Sunday, 23 January 2011

Arnos Vale cemetery

I love visiting cemeteries. I love the stories told there, of lives led and cherished. I love thinking of relatives in years gone by, coming to remember their loved ones and placing flowers on their graves. I love the old headstones, the inscriptions, the lettering, and the moss and lichen that grows on them. I love the idea that people return to the earth, becoming part of the life cycle again. And I love the fact that they are, or should be, peaceful, holy places.
Yesterday I convinced some friends to share in my pastime, as it was a bright and chilly day, and we had an afternoon to spare. So we headed to Arnos Vale.
Unfortunately, this huge, sprawling cemetery has been ruined in parts, by neglect and, this being Bristol, traffic noise. The graves go on for acres, but many have caved in or have been completely overtaken by flora. But we still saw hundreds of graves, finding our namesakes, searching for the oldest we could find (1865) and the newest (2010), the youngest (babies) and oldest people (97) laid to rest in them.
We got very muddy on our travels, and very very cold and hungry, so we didn't stay long, but we had time to pass the memorials for those killed in the Second World War, and take a minute to contemplate the loss of life and what it meant for the families involved.
Visiting cemeteries can offer an opportunity for reflection. This week, as we celebrated my boyfriend's birthday, I lost a great aunty and my friend gave birth to a baby girl. When I'm walking through a cemetery, I can't help but appreciate the people around me, and assess my priorities. Cemeteries can be fascinating, especially if, like me yesterday, you are sharing the company of a talkative, enthusiastic twelve-year-old.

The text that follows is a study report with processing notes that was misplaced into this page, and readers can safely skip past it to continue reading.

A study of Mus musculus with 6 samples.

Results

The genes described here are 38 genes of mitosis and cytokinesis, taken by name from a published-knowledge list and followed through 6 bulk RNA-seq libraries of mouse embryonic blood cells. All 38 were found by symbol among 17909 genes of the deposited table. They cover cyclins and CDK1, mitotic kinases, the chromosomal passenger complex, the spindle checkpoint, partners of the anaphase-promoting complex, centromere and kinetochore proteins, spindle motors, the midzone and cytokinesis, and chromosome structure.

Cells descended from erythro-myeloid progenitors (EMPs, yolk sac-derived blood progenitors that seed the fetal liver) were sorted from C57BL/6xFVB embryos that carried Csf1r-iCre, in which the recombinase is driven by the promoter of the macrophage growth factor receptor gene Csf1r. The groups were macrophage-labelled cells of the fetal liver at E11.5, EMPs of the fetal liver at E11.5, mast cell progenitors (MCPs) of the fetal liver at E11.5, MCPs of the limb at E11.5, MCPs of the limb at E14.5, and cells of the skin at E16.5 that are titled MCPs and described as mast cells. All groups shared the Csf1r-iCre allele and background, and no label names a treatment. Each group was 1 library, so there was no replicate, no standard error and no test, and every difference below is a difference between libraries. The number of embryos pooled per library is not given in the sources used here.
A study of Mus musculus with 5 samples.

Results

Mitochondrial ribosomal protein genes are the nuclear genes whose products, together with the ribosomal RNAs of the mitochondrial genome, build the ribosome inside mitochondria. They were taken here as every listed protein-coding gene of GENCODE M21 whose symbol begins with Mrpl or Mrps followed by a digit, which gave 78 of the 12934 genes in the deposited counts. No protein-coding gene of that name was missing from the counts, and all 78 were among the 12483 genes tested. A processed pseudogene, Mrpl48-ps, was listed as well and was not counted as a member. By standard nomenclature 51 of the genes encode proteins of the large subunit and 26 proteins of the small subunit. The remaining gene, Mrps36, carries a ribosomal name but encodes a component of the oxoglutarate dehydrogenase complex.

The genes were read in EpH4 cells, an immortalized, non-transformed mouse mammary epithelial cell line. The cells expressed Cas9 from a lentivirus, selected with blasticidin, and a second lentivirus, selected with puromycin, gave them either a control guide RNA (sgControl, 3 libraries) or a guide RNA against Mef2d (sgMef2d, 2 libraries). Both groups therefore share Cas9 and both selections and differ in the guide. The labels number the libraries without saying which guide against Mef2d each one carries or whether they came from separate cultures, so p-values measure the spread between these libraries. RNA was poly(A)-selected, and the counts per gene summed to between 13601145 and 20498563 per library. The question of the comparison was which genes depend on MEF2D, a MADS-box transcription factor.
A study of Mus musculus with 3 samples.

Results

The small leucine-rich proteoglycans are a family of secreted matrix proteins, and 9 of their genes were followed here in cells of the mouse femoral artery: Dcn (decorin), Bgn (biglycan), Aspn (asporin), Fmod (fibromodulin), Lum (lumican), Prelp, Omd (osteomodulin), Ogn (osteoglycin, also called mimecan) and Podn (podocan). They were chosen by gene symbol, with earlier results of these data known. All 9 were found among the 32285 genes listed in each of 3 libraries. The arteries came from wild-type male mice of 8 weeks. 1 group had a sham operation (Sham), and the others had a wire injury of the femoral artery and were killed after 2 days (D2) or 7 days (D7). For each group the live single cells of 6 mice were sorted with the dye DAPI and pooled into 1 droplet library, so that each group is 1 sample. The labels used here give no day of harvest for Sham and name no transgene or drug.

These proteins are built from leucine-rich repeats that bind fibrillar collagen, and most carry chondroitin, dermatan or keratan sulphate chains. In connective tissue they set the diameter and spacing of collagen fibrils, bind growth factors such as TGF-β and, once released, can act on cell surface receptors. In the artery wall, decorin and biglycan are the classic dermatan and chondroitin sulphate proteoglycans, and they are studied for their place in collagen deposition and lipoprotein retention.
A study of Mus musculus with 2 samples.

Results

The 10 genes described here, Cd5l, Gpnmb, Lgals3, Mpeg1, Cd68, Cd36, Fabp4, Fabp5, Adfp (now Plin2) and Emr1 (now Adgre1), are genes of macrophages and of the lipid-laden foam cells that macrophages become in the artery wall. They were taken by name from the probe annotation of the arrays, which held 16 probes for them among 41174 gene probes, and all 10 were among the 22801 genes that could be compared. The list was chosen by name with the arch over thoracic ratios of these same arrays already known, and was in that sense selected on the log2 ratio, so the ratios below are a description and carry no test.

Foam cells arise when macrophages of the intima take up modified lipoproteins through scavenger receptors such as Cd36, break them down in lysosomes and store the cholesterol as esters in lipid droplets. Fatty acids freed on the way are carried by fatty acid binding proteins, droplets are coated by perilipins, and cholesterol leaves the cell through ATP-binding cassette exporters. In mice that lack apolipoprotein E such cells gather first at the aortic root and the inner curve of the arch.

Monday, 10 January 2011

Staple Plain

It was a beautiful sunny winter's day yesterday, and we headed to Somerset for a Sunday lunch. After food we went to Staple Plain for a walk, where until very recently Rhododendron Valley (or Vinny Coombe) was full of rhododendrons. Apparently they have been giving diseases to all the native trees, so gone are the flowers, and many many trees too, restoring the landscape to the way it would have originally looked years ago. The views up here are panoramic. You can see as far as Wales ahead, Glastonbury Tor to the east and Exmoor to the west. On the way home we stopped to see the deer at Alfoxton Drive, this time spotting around 60, but a little too far away to resemble anything other than brown blobs to me.
It was such a clear day. We were lucky. I thought that again as I cycled home from work today in the hailstones and gale force winds.